Early Tuesday morning, 18000 gallons of oil spilled from a Chevron-operated pipeline into a sensitive wildlife refuge on the coast of Louisiana. The oil has so far spread to an area of about 160 square miles, covering wetlands of the Delta National Wildlife Refuge, and the Gulf of Mexico. The refuge is the wintering home to hundreds of thousands of migratory birds as well as many other critters, including already threatened species such as the America alligator and the brown pelican.

The area of the spill is so remote that cleanup crews were not immediately able to get to it. Currently, local and state officials and crews from the oil company are on the scene driving the cleanup efforts. Updates on wildlife harmed by the oil are not yet in. Given the size and location of the spill, injured wildlife may not have been found or reported yet.

This spill is just one of many in recent memory. In January, an oil tanker headed for an Exxon Mobil refinery in Beaumont, TX spilled 462,000 gallons into the Gulf of Mexico after it collided with a tugboat. Last year off the Australian coast, millions of gallons gushed out of a deep water drilling rig after an explosion in an underwater pipe. That rig was state of the art, just two years old. The oil, which continued leaking for weeks, was said to have spread across more than 9000 square miles. And there are hundreds of other examples of recent spills.

Comparatively, this week’s spill off the Louisiana coast seems almost small. But with all that’s at stake, even a little bit of oil can do tremendous harm. That’s one reason why Environment America opposes President Obama’s recent announcement of plans to expand oil drilling in the Gulf of Mexico, off the Southeastern Atlantic, and in Northern Alaska. Despite claims by drilling supporters about the safety of modern drilling equipment and oil transportation techniques, there are no perfectly safe methods. Spills will continue to happen as long as we drill for oil.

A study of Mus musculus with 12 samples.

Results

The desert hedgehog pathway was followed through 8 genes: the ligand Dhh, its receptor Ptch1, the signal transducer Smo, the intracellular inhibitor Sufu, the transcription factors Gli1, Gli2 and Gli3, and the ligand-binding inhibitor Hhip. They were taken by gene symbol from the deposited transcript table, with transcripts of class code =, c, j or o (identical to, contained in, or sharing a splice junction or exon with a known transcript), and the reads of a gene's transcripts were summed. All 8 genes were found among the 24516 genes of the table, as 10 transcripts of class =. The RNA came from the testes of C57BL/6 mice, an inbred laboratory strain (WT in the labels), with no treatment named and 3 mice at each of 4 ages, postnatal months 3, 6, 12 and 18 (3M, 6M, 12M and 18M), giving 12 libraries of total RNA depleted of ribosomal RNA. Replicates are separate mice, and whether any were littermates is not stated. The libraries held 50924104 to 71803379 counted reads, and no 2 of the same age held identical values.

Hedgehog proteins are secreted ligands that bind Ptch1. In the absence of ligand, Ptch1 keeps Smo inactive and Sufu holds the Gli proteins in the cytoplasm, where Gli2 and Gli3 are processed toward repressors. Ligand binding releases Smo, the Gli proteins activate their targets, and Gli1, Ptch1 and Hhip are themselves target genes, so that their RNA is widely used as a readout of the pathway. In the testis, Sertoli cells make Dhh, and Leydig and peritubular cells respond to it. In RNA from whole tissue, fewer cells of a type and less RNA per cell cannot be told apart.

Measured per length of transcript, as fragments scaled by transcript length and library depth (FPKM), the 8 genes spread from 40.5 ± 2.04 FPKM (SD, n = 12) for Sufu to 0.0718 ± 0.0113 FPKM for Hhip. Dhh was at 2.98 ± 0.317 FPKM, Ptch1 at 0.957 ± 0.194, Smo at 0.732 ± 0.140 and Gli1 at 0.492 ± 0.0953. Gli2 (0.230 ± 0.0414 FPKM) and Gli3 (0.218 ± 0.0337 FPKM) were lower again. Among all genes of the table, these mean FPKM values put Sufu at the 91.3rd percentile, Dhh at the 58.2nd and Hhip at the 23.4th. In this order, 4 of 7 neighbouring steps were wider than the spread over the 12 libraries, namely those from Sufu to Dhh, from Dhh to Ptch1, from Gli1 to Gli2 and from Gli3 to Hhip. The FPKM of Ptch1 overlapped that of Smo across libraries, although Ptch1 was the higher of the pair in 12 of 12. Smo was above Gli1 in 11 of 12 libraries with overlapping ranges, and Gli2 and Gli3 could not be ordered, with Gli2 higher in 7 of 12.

And spills, of course, will continue to have disastrous impacts on wildlife, the tourism industry and our beaches. Though it’s difficult to estimate the true cost of an oil spill, a 2009 report by Environment America showed the economic value of sustainable ocean activities nationwide to be about $197 billion, compared to $164 billion for the value of nonrenewable oil and gas extraction. Even if your primary concern is the bottom line, the financial benefits alone of a clean offshore environment are worth supporting over the expansion of drilling.

We also oppose new drilling off our coasts because we just don’t need to do it. At best, new offshore drilling would meet only a tiny fraction of our current oil usage. In addition and more importantly, we have real options to reduce our dependence significantly, through using cleaner cars and increasing funding for public transportation. Recently announced increases in the national fuel economy standards will reduce gasoline consumption by as much as 11.6 billion gallons per year in 2016.

With irrefutable evidence of the dangers of oil drilling on the environment, plus the impact these threats have on coastal communities and the abundance and accessibility of cleaner and safer alternatives, it’s clear we should be moving away from using more oil and toward a cleaner, safer and more efficient future. Spills like the one this week in the Louisiana wildlife refuge are just the most recent reminder that we must do more to save our shores.